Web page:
In 1995, Chasen's closed its doors after 60 years of serving chili to movie stars and visiting dignitaries, Presidents and the Pope. During its two final weeks, Chasen regulars (actors and ...
An unlikely heir to a Mexican fast-food franchise goes 'cuisine' hunting for the next culinary big thing, and finds himself in a small, dusty New Mexican town where foodies come from all ... See full summary »
This documentary, shown on the American Movie Classics (AMC) cable channel, answers the question "What does a movie producer do?" It takes the viewer through every step of movie production.... See full summary »
In 1995, Chasen's closed its doors after 60 years of serving chili to movie stars and visiting dignitaries, Presidents and the Pope. During its two final weeks, Chasen regulars (actors and producers), staff, and management sat for interviews. There's an Oscar party for 1500, footage and photos of famous diners, and time with Tommy Gallagher, the ebullient head waiter until retirement in 1994, his son Patrick, catering head Raymond Bilbool, general manager Ronnie Clint, hat check girl Val Schwab, ladies' room attendant Onetta Johnson, and foreign- born waiters, including Jaime. When he started in 1970, like other Latins, he wasn't allowed out of the kitchen. It's a family farewell.Written by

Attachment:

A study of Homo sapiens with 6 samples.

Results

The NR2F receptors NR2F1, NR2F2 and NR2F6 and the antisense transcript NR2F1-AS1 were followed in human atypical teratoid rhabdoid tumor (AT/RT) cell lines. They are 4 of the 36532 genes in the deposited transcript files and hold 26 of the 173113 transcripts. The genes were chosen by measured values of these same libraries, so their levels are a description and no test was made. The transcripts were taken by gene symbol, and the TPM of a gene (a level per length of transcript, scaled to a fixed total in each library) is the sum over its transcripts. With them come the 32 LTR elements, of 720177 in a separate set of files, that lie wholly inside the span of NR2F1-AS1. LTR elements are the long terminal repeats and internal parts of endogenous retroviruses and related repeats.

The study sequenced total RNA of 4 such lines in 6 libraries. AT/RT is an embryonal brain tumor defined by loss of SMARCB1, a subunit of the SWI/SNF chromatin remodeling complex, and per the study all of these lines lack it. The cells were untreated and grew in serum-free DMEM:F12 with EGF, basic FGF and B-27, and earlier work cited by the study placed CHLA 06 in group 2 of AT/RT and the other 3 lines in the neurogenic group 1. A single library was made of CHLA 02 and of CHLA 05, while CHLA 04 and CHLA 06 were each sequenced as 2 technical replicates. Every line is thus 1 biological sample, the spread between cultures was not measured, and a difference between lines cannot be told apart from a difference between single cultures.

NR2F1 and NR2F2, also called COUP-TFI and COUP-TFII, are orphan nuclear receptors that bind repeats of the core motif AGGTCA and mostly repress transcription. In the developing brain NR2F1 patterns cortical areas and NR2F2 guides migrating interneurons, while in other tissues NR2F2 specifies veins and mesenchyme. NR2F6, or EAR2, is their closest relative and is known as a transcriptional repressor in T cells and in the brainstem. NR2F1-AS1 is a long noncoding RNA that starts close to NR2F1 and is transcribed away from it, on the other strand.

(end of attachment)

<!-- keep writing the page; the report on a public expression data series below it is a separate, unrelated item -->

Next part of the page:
My late father was in "the business" and I had some exposure to the Hollywood crowd in the 60's. I was never lucky enough to dine at Chasen's, but wish I had been. This eatery, along with Scandia, The Brown Derby and Cyrano's have all closed now, victims of neglect. The current clientèle are too health conscious to ever want the truly delicious fare and wonderfully elegant ambiance of a Chasen's. The closest thing we still have to such a place is Musso Frank's on Hollywood Blvd. I have eaten there and am very glad it's still around. You can enter that place and suspend disbelief: it becomes the 1940's and Boogie or Grant or "Stanny" (Barbara Stanwyk) might come walking in at any moment....or so I began to believe after savoring a truly fine vodka martini at the bar.
So this documentary did bring back a feeling to me and a longing for those times, my now deceased parents and a sense of loss of a Hollywood that had some real class.